Stroke Risk Among Older Adults Highest in First 3 Days After COVID-19 Diagnosis


Following the first 3 days after a COVID-19 diagnosis, the risk of stroke quickly decreased.

The risk of stroke among older adults diagnosed with COVID-19 was highest within the first 3 days of diagnosis, according to preliminary research to be presented at the American Stroke Association’s International Stroke Conference 2022.

“Stroke following the diagnosis of COVID-19 is a possible complication of COVID-19 that patients and clinicians should be aware of,” said lead study author Quanhe Yang, PhD, senior scientist in the Division for Heart Disease and Stroke Prevention at the US CDC in Atlanta, in a press release. “Vaccination and other preventive measures for COVID-19 are important to reduce the risk of infection and complications including stroke.”

Previous studies have examined the risk of stroke among adults with COVID-19; however, the findings were inconsistent, with a few focused specifically on older adults who are at greater risk of stroke.

For the current study, the authors evaluated the risk of ischemic stroke among older adults diagnosed with COVID-19 by examining the health records of 37,379 Medicare beneficiaries 65 years of age and older. The patients were diagnosed with COVID-19 between April 1, 2020, through February 28, 2021, and were hospitalized for stroke from January 1, 2019, through February 28, 2021.

Stroke hospitalizations could occur before or after the diagnosis of COVID-19; however, those that occurred 7 days before diagnosis or 28 days after diagnosis served as a control period. The study objective was to compare stroke risk in the days immediately before and after COVID-19 diagnosis to the risk during the other days of the study or the control period.

Significant results found in the analysis include:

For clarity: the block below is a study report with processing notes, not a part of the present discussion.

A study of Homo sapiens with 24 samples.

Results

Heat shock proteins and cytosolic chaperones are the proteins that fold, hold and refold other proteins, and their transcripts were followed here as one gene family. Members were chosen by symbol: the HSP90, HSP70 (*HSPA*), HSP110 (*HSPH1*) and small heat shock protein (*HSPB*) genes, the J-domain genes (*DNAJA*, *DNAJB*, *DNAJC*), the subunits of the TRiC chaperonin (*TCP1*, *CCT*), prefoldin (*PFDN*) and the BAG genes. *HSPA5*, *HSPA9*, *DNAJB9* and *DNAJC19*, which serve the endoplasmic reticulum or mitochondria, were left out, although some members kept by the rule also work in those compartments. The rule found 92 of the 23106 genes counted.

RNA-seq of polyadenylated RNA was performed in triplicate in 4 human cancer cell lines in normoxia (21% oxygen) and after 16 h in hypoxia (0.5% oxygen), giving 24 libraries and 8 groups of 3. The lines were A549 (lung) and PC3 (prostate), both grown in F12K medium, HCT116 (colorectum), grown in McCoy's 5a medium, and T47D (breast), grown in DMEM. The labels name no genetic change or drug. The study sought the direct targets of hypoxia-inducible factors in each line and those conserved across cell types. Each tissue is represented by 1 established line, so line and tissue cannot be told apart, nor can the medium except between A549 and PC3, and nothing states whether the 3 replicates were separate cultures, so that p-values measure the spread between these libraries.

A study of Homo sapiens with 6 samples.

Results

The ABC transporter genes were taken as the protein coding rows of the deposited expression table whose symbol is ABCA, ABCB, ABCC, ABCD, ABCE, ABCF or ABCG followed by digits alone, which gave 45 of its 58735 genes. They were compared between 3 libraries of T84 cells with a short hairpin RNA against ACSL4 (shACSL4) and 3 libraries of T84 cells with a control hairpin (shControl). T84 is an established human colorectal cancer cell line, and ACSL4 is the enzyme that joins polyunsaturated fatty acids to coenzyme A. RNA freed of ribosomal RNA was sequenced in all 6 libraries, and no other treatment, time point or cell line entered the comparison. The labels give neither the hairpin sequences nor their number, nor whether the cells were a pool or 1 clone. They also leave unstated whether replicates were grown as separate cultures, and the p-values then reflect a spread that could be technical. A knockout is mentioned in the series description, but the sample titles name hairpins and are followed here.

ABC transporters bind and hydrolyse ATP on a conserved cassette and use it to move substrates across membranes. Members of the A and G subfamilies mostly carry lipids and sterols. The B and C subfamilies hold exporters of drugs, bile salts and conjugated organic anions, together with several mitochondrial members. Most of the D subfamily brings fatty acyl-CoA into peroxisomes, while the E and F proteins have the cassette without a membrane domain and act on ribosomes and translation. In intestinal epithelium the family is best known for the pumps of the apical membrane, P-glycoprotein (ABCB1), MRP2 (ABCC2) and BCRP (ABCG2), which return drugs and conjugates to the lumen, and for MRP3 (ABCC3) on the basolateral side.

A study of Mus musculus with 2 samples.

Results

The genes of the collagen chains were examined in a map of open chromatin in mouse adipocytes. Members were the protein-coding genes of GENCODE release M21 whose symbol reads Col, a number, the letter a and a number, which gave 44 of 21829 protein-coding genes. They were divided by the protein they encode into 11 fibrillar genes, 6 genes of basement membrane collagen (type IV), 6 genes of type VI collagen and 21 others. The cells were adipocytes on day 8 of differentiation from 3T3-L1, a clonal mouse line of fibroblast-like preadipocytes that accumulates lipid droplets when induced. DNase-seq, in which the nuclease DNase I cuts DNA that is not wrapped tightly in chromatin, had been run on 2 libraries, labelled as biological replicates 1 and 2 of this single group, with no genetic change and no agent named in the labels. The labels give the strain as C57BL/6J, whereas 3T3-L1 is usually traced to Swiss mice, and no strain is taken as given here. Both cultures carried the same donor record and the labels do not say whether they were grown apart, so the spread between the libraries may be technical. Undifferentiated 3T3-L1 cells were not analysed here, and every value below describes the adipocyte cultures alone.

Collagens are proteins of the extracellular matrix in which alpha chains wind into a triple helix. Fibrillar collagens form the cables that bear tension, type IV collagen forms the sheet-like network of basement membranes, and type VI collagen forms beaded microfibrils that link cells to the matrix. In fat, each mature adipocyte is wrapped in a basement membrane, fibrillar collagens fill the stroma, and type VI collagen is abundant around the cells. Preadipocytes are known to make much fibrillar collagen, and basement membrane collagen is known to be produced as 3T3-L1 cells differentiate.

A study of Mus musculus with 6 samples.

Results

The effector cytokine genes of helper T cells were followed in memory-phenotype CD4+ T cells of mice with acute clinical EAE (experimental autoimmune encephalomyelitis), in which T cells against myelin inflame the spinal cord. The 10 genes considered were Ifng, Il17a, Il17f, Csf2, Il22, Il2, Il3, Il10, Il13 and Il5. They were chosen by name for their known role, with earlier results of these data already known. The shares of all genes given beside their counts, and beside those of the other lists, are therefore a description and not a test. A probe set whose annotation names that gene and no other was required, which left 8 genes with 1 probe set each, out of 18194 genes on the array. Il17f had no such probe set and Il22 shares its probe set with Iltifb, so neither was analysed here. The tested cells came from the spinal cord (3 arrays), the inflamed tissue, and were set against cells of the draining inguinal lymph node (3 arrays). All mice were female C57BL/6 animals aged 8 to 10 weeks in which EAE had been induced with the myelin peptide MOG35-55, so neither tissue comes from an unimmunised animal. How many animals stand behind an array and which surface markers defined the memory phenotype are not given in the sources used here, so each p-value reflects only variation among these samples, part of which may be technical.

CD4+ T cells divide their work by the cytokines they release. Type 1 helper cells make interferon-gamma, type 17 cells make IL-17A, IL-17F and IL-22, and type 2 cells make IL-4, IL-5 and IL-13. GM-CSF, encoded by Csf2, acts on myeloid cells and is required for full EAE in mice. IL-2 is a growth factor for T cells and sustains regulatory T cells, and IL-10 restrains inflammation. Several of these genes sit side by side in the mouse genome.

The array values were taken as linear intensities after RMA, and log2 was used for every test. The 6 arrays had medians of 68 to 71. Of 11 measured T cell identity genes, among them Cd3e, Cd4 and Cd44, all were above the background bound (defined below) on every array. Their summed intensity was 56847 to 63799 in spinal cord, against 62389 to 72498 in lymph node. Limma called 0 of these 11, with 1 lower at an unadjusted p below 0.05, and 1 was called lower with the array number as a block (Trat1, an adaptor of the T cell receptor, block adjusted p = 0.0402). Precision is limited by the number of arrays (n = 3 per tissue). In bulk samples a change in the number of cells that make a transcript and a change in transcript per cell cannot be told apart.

• The greatest risk of stroke occurred during the first 3 days after COVID-19 diagnosis, which is 10 times higher than during the control period.
  • Following the first 3 days after COVID-19 diagnosis, the stroke risk quickly decreased but remained higher compared with the control period. Specifically, between days 4 and 7, the stroke risk was 60% higher than the control period. Between days 8 and 14, the stroke risk was 44% higher compared to the control period. The lowest stroke risk occurred after 15 to 28 days when the risk of stroke was 9% higher than during the control period.
  • Among participants between 65 and 74 years of age, there was a greater risk of stroke after a COVID-19 diagnosis, compared to those 85 years of age and older, and among those without a history of stroke.
  • There were no differences observed in stroke risk related to sex, race, and ethnicity.

“These findings can inform diagnosis, treatment and care of stroke among patients with COVID-19,” Yang said in the press release. “Further studies are needed to clarify the age-dependent risk of stroke associated with COVID-19.”

Study limitations include the possibility of misclassification from the use of Medicare real-time preliminary claims, in addition to the dates of COVID-19 diagnosis being possibly incorrect due to limited test availability. COVID-19 testing of hospitalized patients also became standard, which could have contributed to the finding of a greater risk of stroke in the days immediately following a COVID-19 diagnosis.

Finally, the study results may not apply to adults who are not beneficiaries in Medicare’s fee-for-service system.


Stroke risk among older adults highest in first 3 days after COVID-19 diagnosis. American Heart Association. February 3, 2022. Accessed February 3, 2022.